Jeff Rockwell thought he was doing a friend a favor last fall when he invited him to spend a couple of weeks at his South Portland home while the friend looked for a place to live.
Anyone of us might do the same.
The spare bedroom was unfinished and not heated, Rockwell explained to his friend, but he could sleep on the couch and have a roof over his head until he found his own place.
“I told him I didn’t want to rent to him. He didn’t pay any rent. I told him he could just toss in some money now and then for the extra utilities and such,” he said.
Soon after the man moved in, Rockwell and his partner found themselves facing a legal predicament that made them wonder whether they had stepped onto the set of the 1990 suspense movie “Pacific Heights”
In that movie a man played by Michael Keaton moved into an apartment downstairs from the property owners and immediately began creating havoc, tossing the landlords into a nightmarish world pitting landlords’ rights against those of the tenant.
“I should have been tipped off right away when he showed up with two truckloads of belongings, including his bed, which I didn’t think he needed for a few weeks stay,” Rockwell said this week.
That was in August. By November, Rockwell and his partner had grown very uncomfortable with the house guest who Rockwell said acted strangely and made odd demands, like telling them not to cook at night.
The tenant also called the police to the house on one occasion saying the couple was being too noisy.
The couple of course thought their problem could be solved by simply telling their guest it was time to leave.
It was then they learned that under Maine law they were not simply a nice couple trying to help out a fellow in need, but landlords of a “tenant at will.”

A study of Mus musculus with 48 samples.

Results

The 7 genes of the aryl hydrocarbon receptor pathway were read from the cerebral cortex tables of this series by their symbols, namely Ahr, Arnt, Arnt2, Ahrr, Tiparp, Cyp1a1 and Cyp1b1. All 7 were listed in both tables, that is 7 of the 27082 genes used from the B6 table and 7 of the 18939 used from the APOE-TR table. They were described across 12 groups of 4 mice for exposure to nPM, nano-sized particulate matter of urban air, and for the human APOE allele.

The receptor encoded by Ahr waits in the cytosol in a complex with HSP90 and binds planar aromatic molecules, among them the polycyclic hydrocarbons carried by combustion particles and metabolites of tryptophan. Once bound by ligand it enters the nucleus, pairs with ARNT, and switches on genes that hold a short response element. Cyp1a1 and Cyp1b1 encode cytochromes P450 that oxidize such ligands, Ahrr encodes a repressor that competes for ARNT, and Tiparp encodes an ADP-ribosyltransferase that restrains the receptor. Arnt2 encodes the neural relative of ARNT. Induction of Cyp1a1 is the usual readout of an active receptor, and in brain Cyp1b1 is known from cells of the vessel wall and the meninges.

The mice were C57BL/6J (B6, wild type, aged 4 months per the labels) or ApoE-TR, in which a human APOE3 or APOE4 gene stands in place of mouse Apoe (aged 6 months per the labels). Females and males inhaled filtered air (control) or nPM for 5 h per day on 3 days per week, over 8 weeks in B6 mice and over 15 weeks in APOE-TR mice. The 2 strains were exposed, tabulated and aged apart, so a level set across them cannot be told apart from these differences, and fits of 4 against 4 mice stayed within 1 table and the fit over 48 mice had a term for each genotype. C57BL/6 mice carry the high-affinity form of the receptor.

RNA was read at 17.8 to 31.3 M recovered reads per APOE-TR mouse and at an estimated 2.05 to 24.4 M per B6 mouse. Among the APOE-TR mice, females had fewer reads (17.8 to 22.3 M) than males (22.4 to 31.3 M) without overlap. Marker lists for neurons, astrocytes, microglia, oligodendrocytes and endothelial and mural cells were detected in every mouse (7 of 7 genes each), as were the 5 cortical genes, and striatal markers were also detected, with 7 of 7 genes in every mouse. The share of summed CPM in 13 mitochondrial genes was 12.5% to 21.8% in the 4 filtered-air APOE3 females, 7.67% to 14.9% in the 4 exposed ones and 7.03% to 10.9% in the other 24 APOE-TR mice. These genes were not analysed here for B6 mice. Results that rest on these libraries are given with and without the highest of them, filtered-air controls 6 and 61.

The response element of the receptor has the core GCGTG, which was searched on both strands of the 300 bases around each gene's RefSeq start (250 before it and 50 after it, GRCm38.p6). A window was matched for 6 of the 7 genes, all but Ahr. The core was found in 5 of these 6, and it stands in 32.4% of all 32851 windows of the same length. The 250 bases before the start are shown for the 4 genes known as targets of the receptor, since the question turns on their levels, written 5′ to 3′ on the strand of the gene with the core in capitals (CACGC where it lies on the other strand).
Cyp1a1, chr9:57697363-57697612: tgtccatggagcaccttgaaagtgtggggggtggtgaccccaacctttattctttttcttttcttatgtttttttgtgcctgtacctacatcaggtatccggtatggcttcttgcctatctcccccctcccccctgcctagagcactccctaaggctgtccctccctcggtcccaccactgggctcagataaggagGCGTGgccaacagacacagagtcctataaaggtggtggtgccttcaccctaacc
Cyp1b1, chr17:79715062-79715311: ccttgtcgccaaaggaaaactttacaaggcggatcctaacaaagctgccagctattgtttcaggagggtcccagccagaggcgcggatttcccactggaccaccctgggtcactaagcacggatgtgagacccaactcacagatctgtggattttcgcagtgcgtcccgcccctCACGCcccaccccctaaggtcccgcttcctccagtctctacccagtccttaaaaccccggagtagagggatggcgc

And Rockwell said he also learned that his so-called house guest knew exactly how to play the game that the couple was now caught up in.
“You can’t just make them leave,” Rockwell explained. “If you invite them to stay at your house, even for a little while, they become a tenant at will and they have very specific rights and when he refused to leave, my only recourse was to hire an attorney.”
Aware that he was on precarious legal ground, Rockwell said he presented his guest with a letter on Nov. 5, requesting that he leave the property by Dec. 15, giving him 40 days to make other arrangements.
“He told me he would stay as long as he wanted and that he knew how to work the system. Turns out he did,” Rockwell said.
Rockwell’s attorney, Michael Vaillancourt of Portland, prepared a Notice of Termination and Notice to Quit which were presented to the guest on Nov. 9, according to court documents.
The notice demanded the guest leave by Dec. 14, 2012.
By Jan. 1 the living situation in the house had disintegrated to the point that Rockwell and his girlfriend felt they needed to move out of their own home.
“He was very threatening and (Rockwell’s partner) was quite afraid that I would be driven to something foolish, like physically tossing him and his belongings out the door and end up being charged with assault or being hit with a civil suit,” Rockwell explained.
They moved down the street to a relative’s home while the legal proceedings to get the guest out of their home continued.
“Of course we had to continue to pay for all of the house utilities because it is against the law for me to not provide a ‘tenant at will’ with heat and water,” Rockwell stated.
Finally, at an eviction hearing on Jan. 3, the parties went into mediation and Rockwell’s house guest agreed to waive any further appeals if he could remain in the home until Feb. 1.
He left on that date, and Rockwell and his partner returned to the house.
In the end it cost Rockwell $2,300 in legal fees, months of aggravation and a month out of his home.
“I admit I was caught off guard by the whole situation and you can bet it won’t happen to us ever again. If I hadn’t hired an attorney this would have dragged on for much, much longer. Come to find out this is not an uncommon occurrence, and I think people need to be aware and be awfully careful when inviting anyone to stay at their home for a while,” Rockwell said.